Finance Minister Pascal Donohoe has said a Central Bank forecast predicting a €22bn hole in Irish finances this year “confirmed what business already know”.
“In the darkest of days, these changes would have taken a year to happen – it has happened in just days.
“What I’m trying to put in place is a recovery that is different to where we were before. There are so many social needs that existed before Covid-19 and I am determined that as we build a new economy, those needs are remembered and acted on.
“As great a challenge as Covid-19 is, it does not take the place of the social needs people had before this. I absolutely understand the anxiety that is out there.”
Meanwhile, a decision on ending restrictions on movement across Ireland will be made at the end of next week.
The current restrictions are in place until April 12, but will only be lifted if health professionals are confident that Ireland has controlled the outbreak of Covid-19.
At the government’s daily briefing on the disease, Assistant Secretary General at the Department of the Taoiseach Liz Canavan reiterated that it will be towards the end of next week before the Government can give an update on restrictions.
"That will depend on how things are going in terms of new cases, ICU admissions etc. It will be the National Public Health Emergency Team who advise us as to whether we should extend those restrictions or relax or refine them," she said.
“We are coming to the weekend and the end of the first week of the new restrictions. Let’s keep it going in terms of everything you are doing. It is making a difference and we need to keep it up until the CMO tells us otherwise."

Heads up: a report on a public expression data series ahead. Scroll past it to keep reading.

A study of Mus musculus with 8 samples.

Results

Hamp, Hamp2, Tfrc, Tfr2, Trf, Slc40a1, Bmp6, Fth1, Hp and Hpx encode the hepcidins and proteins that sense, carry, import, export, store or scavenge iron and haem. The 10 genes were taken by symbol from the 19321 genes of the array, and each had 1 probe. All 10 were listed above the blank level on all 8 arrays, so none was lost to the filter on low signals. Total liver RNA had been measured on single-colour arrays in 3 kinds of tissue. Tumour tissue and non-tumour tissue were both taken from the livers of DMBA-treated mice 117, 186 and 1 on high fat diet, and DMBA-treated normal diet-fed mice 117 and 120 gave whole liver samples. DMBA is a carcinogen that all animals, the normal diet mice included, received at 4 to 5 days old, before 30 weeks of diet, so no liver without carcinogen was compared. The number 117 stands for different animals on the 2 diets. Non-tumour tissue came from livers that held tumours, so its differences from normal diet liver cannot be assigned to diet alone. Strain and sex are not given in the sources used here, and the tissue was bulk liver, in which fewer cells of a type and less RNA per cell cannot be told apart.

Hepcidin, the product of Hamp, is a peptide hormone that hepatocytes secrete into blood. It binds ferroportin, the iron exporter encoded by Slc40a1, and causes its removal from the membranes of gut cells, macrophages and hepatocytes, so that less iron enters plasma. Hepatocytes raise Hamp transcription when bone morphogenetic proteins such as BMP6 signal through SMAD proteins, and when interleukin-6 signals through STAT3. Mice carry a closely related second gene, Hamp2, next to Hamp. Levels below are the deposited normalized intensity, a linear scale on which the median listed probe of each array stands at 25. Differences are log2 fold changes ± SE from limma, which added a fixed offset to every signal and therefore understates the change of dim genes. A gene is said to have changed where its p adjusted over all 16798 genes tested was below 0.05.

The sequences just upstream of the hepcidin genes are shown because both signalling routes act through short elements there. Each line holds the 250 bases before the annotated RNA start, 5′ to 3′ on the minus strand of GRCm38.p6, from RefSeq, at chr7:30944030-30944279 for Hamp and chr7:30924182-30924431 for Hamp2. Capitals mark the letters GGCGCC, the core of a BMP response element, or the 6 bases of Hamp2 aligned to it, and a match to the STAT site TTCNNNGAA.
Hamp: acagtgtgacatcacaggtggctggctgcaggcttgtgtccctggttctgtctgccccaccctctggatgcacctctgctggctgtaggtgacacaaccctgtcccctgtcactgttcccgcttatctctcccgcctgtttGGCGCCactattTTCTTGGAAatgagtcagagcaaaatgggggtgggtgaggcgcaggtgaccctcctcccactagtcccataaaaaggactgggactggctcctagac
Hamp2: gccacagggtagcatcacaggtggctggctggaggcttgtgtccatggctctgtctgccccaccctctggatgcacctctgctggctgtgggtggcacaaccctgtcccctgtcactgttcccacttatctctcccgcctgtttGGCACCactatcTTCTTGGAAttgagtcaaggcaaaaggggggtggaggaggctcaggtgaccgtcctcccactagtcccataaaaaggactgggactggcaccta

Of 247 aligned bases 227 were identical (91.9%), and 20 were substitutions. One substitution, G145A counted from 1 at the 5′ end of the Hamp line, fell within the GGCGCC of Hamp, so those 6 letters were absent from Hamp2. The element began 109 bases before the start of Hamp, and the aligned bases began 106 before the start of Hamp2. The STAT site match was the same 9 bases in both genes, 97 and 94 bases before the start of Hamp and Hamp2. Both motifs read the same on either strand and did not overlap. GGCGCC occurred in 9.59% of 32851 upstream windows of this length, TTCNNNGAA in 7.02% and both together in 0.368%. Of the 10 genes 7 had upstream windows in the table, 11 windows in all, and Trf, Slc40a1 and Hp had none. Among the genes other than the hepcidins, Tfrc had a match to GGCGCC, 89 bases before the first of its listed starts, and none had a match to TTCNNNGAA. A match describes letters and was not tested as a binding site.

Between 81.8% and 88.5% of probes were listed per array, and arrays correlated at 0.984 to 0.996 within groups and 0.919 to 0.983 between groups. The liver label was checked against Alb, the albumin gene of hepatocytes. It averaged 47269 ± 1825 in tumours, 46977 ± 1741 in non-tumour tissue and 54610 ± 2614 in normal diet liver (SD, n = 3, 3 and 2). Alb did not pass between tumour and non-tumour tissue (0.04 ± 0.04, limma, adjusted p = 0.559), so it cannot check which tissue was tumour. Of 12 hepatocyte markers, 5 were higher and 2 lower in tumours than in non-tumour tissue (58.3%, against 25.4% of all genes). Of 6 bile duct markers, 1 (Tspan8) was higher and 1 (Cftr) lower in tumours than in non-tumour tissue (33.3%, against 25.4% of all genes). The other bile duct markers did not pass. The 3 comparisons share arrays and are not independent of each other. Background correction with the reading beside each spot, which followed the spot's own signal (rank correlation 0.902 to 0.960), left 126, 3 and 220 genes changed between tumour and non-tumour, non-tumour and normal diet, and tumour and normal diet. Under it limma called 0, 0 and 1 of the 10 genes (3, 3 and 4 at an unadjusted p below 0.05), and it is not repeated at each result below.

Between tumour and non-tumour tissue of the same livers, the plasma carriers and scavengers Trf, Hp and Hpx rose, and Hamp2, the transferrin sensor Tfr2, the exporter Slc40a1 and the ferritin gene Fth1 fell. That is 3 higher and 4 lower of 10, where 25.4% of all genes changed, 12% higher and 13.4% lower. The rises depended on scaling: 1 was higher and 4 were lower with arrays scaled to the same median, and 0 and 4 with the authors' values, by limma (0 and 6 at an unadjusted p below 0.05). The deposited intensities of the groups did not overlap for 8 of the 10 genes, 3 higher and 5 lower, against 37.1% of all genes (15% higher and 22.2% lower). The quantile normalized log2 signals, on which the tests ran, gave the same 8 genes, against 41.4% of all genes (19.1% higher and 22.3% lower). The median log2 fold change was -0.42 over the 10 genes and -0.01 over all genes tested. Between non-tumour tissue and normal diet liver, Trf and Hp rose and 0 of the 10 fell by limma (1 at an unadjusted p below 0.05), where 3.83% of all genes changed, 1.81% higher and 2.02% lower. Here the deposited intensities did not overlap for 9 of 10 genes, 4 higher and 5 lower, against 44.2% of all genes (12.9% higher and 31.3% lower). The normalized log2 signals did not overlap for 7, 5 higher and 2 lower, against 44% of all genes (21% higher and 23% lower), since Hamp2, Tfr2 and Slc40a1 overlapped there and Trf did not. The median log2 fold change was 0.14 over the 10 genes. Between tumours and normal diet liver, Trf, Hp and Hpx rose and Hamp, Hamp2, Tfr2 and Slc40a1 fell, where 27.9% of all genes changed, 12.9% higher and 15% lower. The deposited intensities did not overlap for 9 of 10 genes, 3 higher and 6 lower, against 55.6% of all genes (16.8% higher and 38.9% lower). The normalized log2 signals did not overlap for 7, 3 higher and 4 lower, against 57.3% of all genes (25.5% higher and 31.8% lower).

Both Ms Canavan and Mr Donohoe urged students set to take their State exams to continue to plan as though the exams will take place.
The Minister for Education and Skills and the State Examinations Commission are working on contingency plans to allow the State Examinations to go ahead.
"Any final decision will be based on the public health advice and on what the Government decides in relation to current restrictions."
Mr Donohoe was at Government Buildings with his cabinet colleague, Arts and Culture Minister Josepha Madigan who announced measures to support Ireland’s arts industry during the crisis.
The measures include a €1m million scheme aimed at supporting Irish and Irish-based professional artists to create new works, a reimagined Fleadh Ceoil in partnership with TG4 and a national “Shine A Light” movement, which will take place on Easter Saturday.
The initiative was created by RTÉ and invites the public to shine a light for frontline workers, healthcare staff and those who have fallen ill to the virus already.
A light will be shone on public buildings and on Irish embassies and peacekeeping posts all around the world.
Ms Madigan said the initiative reflected Ireland’s ability to “shine a light in a dark world”.
We are asking everyone to shine a light for those who are sick and those who have lost their lives, to remind us that love and hope are always with us.
“Shine a light for our frontline staff, our healthcare workers, the people who are keeping us going through these dark times.
“I’m inviting everyone to join in and be the light in the darkness. Let’s shine a light together for those that we live. Shine a light for whoever is in your heart.”